NEW YORK, January 28, 2003 – The Direct Marketing Association (The DMA) today released a Corporate Responsibility Fact Sheet that tells marketers, who may be considered business associates of health care providers, what kind of marketing communications are allowable under the revised Health Insurance Portability and Accountability Act (HIPAA). The fact sheet is entitled "What Direct Marketers Should Know About The Privacy Provisions of the Health Insurance Portability and Accountability Act."
In August 2002, the U.S. Department of Health and Human Services revised the December 2000 rule that implements the privacy provisions of the 1996 HIPAA law. Most covered entities have until April 14, 2003, to comply.
Under the rule, new requirements will be placed on health care providers and their business associates. Business associates is defined to include direct marketers and third-party marketers (such as service bureaus and software and database vendors and suppliers), pharmaceutical manufacturers and medical equipment suppliers that perform functions or services for the covered entity that involve the use of protected health information.
Among the new requirements is that, with limited exceptions, these entities must receive written, explicit authorization from an individual to use or disclose protected health information for marketing.
"The DMA compiled the fact sheet to guide our members through what is an extremely complex set of rules," said Patricia Faley, vice president, ethics & consumer affairs, The DMA. "This fact sheet translates the 750-page new rules into plain English so that our members can immediately know if they are covered by the new rules and how they can prepare themselves, their customers and patients and consumers with whom they may interact."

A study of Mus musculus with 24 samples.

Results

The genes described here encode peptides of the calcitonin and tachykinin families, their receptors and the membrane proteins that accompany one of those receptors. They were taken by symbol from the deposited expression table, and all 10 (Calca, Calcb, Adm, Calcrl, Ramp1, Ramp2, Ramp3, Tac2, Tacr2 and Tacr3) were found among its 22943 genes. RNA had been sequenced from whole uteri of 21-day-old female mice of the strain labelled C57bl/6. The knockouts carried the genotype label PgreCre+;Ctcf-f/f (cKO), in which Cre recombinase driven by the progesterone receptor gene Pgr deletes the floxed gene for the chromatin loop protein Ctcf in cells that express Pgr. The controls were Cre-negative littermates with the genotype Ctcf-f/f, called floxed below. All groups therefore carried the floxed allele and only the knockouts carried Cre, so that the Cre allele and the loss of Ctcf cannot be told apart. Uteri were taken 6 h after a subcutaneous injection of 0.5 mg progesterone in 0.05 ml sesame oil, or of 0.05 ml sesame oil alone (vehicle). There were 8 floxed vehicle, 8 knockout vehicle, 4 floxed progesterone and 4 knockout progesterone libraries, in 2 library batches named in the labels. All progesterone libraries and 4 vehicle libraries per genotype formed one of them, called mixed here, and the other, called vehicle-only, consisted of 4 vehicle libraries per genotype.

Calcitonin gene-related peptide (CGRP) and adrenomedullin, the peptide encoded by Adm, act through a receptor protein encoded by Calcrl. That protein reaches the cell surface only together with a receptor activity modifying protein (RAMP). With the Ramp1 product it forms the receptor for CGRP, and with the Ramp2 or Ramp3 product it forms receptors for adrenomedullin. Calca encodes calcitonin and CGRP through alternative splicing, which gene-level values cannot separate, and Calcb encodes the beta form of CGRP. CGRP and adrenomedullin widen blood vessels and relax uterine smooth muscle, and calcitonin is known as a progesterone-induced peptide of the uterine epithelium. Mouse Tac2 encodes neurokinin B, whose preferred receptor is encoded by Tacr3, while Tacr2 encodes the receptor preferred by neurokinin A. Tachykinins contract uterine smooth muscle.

"Most importantly, the fact sheet provides information to marketers about who is required to comply with HIPAA," said Faley. "Part of the reason we are issuing a fact sheet is to alert those marketers who may not realize that their business models might run afoul of the new law."
The fact sheet provides real-life examples and answers common questions about how to comply with HIPAA. For example:
The fact sheet can be viewed online at http://www.the-dma.org/library/privacy/hipaafaqs.shtml
The DMA is the leading trade association for businesses interested in interactive and database marketing, with nearly 4,700 member companies from the United States and 53 other nations. Founded in 1917, its members include direct marketers from every business segment as well as the nonprofit and electronic marketing sectors. Included are catalogers, Internet retailers and service providers, financial services providers, book and magazine publishers, book and music clubs, retail stores, industrial manufacturers and a host of other vertical segments, including the service industries that support them. According to a DMA-commissioned study, direct and interactive marketing sales in the United States is projected to surpass $2 trillion in 2002, including $126 billion in catalog sales and $34 billion in sales generated by the Internet. The DMA's Web site is www.the-dma.org, and its consumer Web site is www.shopthenet.org.